I’ve made reference to my leg and it’s tumour before, but I haven’t yet told you the full story (I don’t think…I’d better just do a quick search…ok, I haven’t told the story before). So here it goes:
I was 16 years old. It was April 21st. Yes, 2 years later, that would be the very date that Aaron and I started going out. We were having a talent show at (yes, that same 4-H that Homer Simpson makes fun of in an episode of the Simpson’s). I was going to play a few songs with . I was the guitarist for the evening. Mind you, I wasn’t very good. I’d only had my guitar for 4 months at that stage.
Hopped up on sugar, I was standing near my friend, who was sitting down, trying to get her to roughhouse with me. I leaned in and pushed her shoulder. She pushed me back. I bent over a little bit and shoulder barged her. We giggled. She pushed me away gently with her foot, barely touching my shin with her shoe. CRACK!
The colour drained from my face instantly. My eyes bulged out of my head as my mouth went from a smile to stunned mullet gasping. I froze right where I was. excruciating pain like I’d never felt before crippled my leg.
“Are you ok?” My friend asked me. “What’s wrong?”
“My leg.” I somehow managed to croak out. Maybe I was over reacting or being a total wuss. I shifted some weight from my right leg back to my left. Oh. My. Gosh.
No, there was no way I could even stand on it. I somehow got to a chair. Or maybe one was brought to me. I can’t even remember, my mind kind of went foggy with pain. I didn’t know what to do. I mean, I knew my leg was broken. I heard the horrible crack it made as it broke. I felt the horrible pain – was still feeling the horrible pain. But my friend barely touched my leg. How could it be broken? It didn’t make any sense.
“Mom, there’s something wrong with my leg.” I wasn’t crying. I wasn’t a crier. Never have been. Except now if I see something sad about kids. Gets me every time. That’s what motherhood does I suppose.
My studied me for a couple of seconds, attempting to determine if I was truly hurt or just being wussy “Just sit down for a while and see how you go.” She told me. Or something like that. It was a long time ago.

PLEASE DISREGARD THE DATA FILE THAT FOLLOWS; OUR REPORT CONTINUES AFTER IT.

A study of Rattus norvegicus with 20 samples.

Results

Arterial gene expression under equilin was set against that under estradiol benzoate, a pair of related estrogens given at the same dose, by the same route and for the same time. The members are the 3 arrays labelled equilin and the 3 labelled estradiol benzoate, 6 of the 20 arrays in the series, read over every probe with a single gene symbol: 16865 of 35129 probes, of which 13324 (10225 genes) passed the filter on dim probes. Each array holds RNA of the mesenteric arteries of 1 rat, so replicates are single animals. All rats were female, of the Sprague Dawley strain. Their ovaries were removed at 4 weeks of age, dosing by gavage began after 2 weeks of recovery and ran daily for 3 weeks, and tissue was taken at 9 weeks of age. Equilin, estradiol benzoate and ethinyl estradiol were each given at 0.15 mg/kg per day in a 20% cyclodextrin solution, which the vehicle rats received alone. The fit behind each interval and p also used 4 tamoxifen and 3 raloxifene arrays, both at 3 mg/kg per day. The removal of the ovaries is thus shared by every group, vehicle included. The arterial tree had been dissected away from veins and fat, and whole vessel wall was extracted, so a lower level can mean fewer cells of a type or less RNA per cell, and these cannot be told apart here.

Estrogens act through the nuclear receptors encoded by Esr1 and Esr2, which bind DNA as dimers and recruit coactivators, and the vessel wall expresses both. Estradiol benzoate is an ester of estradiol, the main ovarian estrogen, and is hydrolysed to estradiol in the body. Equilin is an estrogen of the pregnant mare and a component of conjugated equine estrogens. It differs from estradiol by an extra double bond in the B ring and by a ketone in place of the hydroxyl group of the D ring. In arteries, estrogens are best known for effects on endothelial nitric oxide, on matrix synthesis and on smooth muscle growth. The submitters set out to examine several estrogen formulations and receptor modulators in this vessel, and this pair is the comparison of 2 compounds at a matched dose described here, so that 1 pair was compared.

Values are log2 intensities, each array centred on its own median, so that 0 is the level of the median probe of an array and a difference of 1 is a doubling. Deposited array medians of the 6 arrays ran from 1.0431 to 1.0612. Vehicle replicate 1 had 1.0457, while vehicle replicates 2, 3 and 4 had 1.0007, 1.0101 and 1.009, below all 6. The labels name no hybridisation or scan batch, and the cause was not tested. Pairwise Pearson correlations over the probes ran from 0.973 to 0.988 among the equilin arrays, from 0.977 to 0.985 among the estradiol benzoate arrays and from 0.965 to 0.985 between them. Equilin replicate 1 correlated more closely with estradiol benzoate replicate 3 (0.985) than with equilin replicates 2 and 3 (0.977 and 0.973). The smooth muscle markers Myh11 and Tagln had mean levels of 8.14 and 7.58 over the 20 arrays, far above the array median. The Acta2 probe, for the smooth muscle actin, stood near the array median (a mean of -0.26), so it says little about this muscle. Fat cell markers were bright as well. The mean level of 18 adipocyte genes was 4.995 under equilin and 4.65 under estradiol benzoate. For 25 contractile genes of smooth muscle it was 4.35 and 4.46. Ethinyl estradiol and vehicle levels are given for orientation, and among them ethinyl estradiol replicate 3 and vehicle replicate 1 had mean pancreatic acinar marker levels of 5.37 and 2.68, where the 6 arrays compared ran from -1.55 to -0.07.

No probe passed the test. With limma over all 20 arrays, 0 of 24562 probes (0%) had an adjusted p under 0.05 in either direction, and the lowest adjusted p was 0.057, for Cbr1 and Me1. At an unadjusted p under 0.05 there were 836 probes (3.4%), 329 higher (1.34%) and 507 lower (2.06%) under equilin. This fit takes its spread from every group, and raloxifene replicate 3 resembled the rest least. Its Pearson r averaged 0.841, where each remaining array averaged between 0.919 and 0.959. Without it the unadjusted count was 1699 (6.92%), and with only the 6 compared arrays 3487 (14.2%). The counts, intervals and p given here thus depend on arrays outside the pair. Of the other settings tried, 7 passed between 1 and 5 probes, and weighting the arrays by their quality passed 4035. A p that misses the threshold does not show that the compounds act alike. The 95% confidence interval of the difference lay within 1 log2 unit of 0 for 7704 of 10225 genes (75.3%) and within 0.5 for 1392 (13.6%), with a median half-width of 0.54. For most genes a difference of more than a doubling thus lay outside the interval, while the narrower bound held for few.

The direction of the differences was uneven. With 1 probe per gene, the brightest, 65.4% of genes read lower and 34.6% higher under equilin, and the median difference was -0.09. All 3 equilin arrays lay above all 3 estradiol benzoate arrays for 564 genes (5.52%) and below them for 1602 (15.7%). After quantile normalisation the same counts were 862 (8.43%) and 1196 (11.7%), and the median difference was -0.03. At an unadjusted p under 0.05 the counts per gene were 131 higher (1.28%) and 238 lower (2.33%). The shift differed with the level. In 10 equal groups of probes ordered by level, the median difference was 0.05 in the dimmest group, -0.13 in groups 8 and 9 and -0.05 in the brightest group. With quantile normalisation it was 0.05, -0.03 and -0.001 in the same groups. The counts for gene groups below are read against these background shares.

The talent show started. People did stuff. I couldn’t tell you who did what or even how many people performed. I was too busy sitting in my chair trying not to think about the pain, willing my leg to not be broken.
“Your turn!” Someone said. The rest of the band was already ready.
“Um…I can’t walk.” They still thought I was being wussy or making the whole thing up, so they humoured me and carried me to the stage in my chair. Instead of rocking out, I played Louie, Louie like an old lady, sitting in my chair, wincing as I played. I don’t even know how I got through it, but I did. I don’t even think I messed up.
A couple hours later, it was all finished. My leg wasn’t any better. If anything, the pain was worse. Trying to put even a tiny bit of weight on it sent searing pain through my body. The throbbing was terrible.
“Alright, I’ll take you to the after hours doctor.” My mom told me. It was in the next town. I held onto two people’s shoulders and hopped my way down to the truck. Or maybe they carried me. I’m not sure. Haze of pain, remember?
We drove 15 minutes to the next town, only to find the after hours doctor was closed. Sigh.
“Can’t it wait until tomorrow?” My Mom asked me.
“No, I need to see someone now.”
“Ok, I guess I’ll have to take you to the ER then.”
We drove 15 minutes back to our town. The hospital was on the other side of the railroad tracks. Oh. My. Gosh. My leg jarred as we drove over the tracks, nearly putting me in tears. Pretty much the only thing I remember about that car ride is going over the railroad tracks. It was bad.
I took hold of my Mom’s elbow and hopped my way into the E.R. where I was given a wheelchair to sit on. I have no idea how long I was waiting for, but after a while, someone came over to where I was sitting and started asking questions.
“Where does it hurt?” She asked me.
“There.” I pointed to the spot just below my knee.
“And how did it happen?”
“I was roughhousing with my friend, and she pushed me with her foot. But not very hard.”
“On a scale of 1-10, 1 being no pain, 10 being excruciating, how much does it hurt.”
“10.” Actually, I probably tried to be hard core and said something like 7. Or maybe I was just getting used to the pain by then.
“Well, no one really breaks their leg right under their knee, that is the strongest part of your tibia, if it was broken, it would be at the thinnest part. So how about you just go home and try to walk on it, and see how you go in the morning?”
“No. You need to x-ray it. I’m not leaving.” Seriously, I was not leaving until they checked it out. Even if I had to be a little feisty in the process.
She must have seen the determination in my eyes as she took me for an x-ray straight away, then wheeled me into a consultation room.
When she returned, she was not alone. There were a couple of other doctors with her. The look on their faces said it all. Something was wrong. Something was very wrong.
This is getting rather long now, so I guess you’ll have to wait until tomorrow to find out what happend next.